Mr Spaceman From Canada, joined Mar 2001, 2782 posts, RR: 15 Posted (10 years 2 months 3 weeks 11 hours ago) and read 5268 times:
After doing a search about what Engine Inhibitor is, I learned from a posting by VC-10 that (in his own words)......
A pickeled engine is one that has been soaked in inhibitor while it is in storage.
The fact that engine inhibitor is used to preserve an engine that's been in storage is also mentioned by the photographer of the 2 photos below. He says that the flames are caused by the inhibitor during the engine very first start.
Jim From United States of America, joined Jul 1999, 455 posts, RR: 1 Reply 1, posted (10 years 2 months 2 weeks 6 days 2 hours ago) and read 5169 times:
To the best of my understanding, the inhibitor is just a light-weight mineral based oil which is used to fill the Fuel Control Unit before the unit is placed in storage. This is to prevent the FCU from rusting while the unit sits around on the shelf. If the unit is placed on an engine which is already in service, the oil is usually drained out during the installation. But, if the ENGINE is stored with the fuel control installed, then the oil gets burned as it is forced out of the fuel control by fuel.
The results are very spectacular, as seen in the photos.
Mr Spaceman From Canada, joined Mar 2001, 2782 posts, RR: 15 Reply 3, posted (10 years 2 months 2 weeks 3 days 10 hours ago) and read 5003 times:
OK, Thank You for that info.
So the mineral based inhibitor is only used to protect the FCU while it's in storage and not the whole engine. I was imagining the whole engine being coated in a type of oil to prevent rusting, thus the term "pickeled", but I guess that would cause quite the mess and isn't nessesary anyway.
Here's a question.
Whether or not the flames in the photos are being caused by oil in the FCU burning off during the engine's first start since storage, or the fact that it might be experiencing a Hot Start (caused by an excessive fuel flow during initial fuel application which exceeds a pounds per hour limit), why is the flame only located at the bottom of the tailpipe, and why is it blowing aft in such a "straight" line.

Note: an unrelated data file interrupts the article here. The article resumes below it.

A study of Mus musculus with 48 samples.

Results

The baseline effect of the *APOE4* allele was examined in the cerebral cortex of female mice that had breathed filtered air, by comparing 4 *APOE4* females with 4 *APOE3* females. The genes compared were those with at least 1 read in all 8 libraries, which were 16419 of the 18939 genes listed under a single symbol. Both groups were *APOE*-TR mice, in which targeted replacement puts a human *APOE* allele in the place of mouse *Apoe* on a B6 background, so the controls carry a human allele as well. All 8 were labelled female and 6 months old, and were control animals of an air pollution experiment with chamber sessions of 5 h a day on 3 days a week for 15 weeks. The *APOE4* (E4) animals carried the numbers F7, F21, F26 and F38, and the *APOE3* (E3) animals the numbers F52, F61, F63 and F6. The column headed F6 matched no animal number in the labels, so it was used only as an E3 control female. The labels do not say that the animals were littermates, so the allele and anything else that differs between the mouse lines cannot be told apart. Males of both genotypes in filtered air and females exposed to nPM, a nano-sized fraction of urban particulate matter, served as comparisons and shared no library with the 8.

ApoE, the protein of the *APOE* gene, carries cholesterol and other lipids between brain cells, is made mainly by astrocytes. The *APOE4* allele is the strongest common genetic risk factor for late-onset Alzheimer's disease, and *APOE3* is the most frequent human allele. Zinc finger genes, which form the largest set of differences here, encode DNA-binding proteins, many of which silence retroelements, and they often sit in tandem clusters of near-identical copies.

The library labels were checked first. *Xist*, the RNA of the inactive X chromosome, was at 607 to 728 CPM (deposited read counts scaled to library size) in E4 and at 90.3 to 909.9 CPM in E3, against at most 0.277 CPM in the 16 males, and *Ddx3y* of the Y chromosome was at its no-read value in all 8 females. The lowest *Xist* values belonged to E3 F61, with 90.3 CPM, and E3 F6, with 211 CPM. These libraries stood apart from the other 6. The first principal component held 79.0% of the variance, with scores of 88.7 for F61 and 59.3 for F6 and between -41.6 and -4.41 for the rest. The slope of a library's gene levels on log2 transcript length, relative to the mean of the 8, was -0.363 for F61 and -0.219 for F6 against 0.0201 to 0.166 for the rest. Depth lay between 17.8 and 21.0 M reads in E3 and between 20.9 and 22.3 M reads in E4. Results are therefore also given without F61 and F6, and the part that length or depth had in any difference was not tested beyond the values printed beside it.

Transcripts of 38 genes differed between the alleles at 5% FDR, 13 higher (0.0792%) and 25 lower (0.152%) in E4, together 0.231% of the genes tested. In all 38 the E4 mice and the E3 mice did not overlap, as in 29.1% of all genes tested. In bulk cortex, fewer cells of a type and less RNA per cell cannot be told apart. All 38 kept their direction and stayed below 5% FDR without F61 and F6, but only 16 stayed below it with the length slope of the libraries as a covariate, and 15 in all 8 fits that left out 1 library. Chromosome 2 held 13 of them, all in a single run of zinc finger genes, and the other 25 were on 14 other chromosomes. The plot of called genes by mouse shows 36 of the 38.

Doesn't the column of hot exhaust gases and bypass air exit a jet engine's tailpipe in a turning, swirling, twisting pattern which is caused by the spinning compressor and turbine blades? I'm curious about this.
Staffan From , joined Dec 1969, posts, RR: Reply 4, posted (10 years 2 months 2 weeks 3 days 9 hours ago) and read 4996 times:
The excess fuel in the engine will collect in the bottom part of the combustion chamber, and when ignited, that's where the flame will come from. Regarding the flame blowing in such a straight line, vanes are used to steer up the airflow before it exits the engine.
Rmm From Australia, joined Feb 2001, 518 posts, RR: 1 Reply 5, posted (10 years 2 months 2 weeks 3 days 4 hours ago) and read 4955 times:
When we used to inhibit engines, including 737's, we actually motored the engine and turned the fuel lever on so that the inhibitor would flow thru all fuel circuits. When we saw "oil mist" coming out the tail pipe we would close the fuel lever. What you are seeing in the picture is the heavier oil sitting in the bottom tail pipe. Remember, you can inhibit a component, such as an FCU or an entire engine system.
We used a product called "Diala B" to inhibit engines. It's actually a transformer oil made by Shell. There was also an oil tank additive.
DC-10Tech From United States of America, joined Jun 2001, 298 posts, RR: 3 Reply 6, posted (10 years 2 months 1 week 2 days 13 hours ago) and read 4820 times:
I've never seen flames like that from a pickled engine. Usually just tons of dark gray smoke. But I have seen flames like that on a wet start on a new engine. Hell, I've even had them so bad that we couldn't put the flames out!
Jim From United States of America, joined Jul 1999, 455 posts, RR: 1 Reply 7, posted (10 years 2 months 1 week 1 day 15 hours ago) and read 4795 times:
I have personnally seen this happen only a couple of times. Here at DAL, there have been quite a few photos taken of it. It can happen after every CFM engine change. The maintenance crew normally will motor the engine with the ignition breakers pulled (to force the preservative out), abort the motoring, and then attempt to start the engine.
But, if the motoring is not done, and the first 'wet-spin' after an engine change is allowed to be a start, well, what you see is what you get.
Think about this: how did the photographer KNOW that there was going to be a hot start, so he could have his camera ready?
Of course, my experience may be due to Delta using a different preservative than other airlines, I don't know.
The first time I saw this was actually on a 727 APU start. We had changed the APU and as we were pulling the a/c out of the hangar, the A&P in the flightdeck started the APU. A flame about 7 or 8 feet shot out of the top of the right wing, at the APU exhaust. As I was a new hire, I naturally began to run for an extinguisher, much to the amusement of everyone else watching. It was over before I had taken my second step, but my explitive was loud enough for all to hear!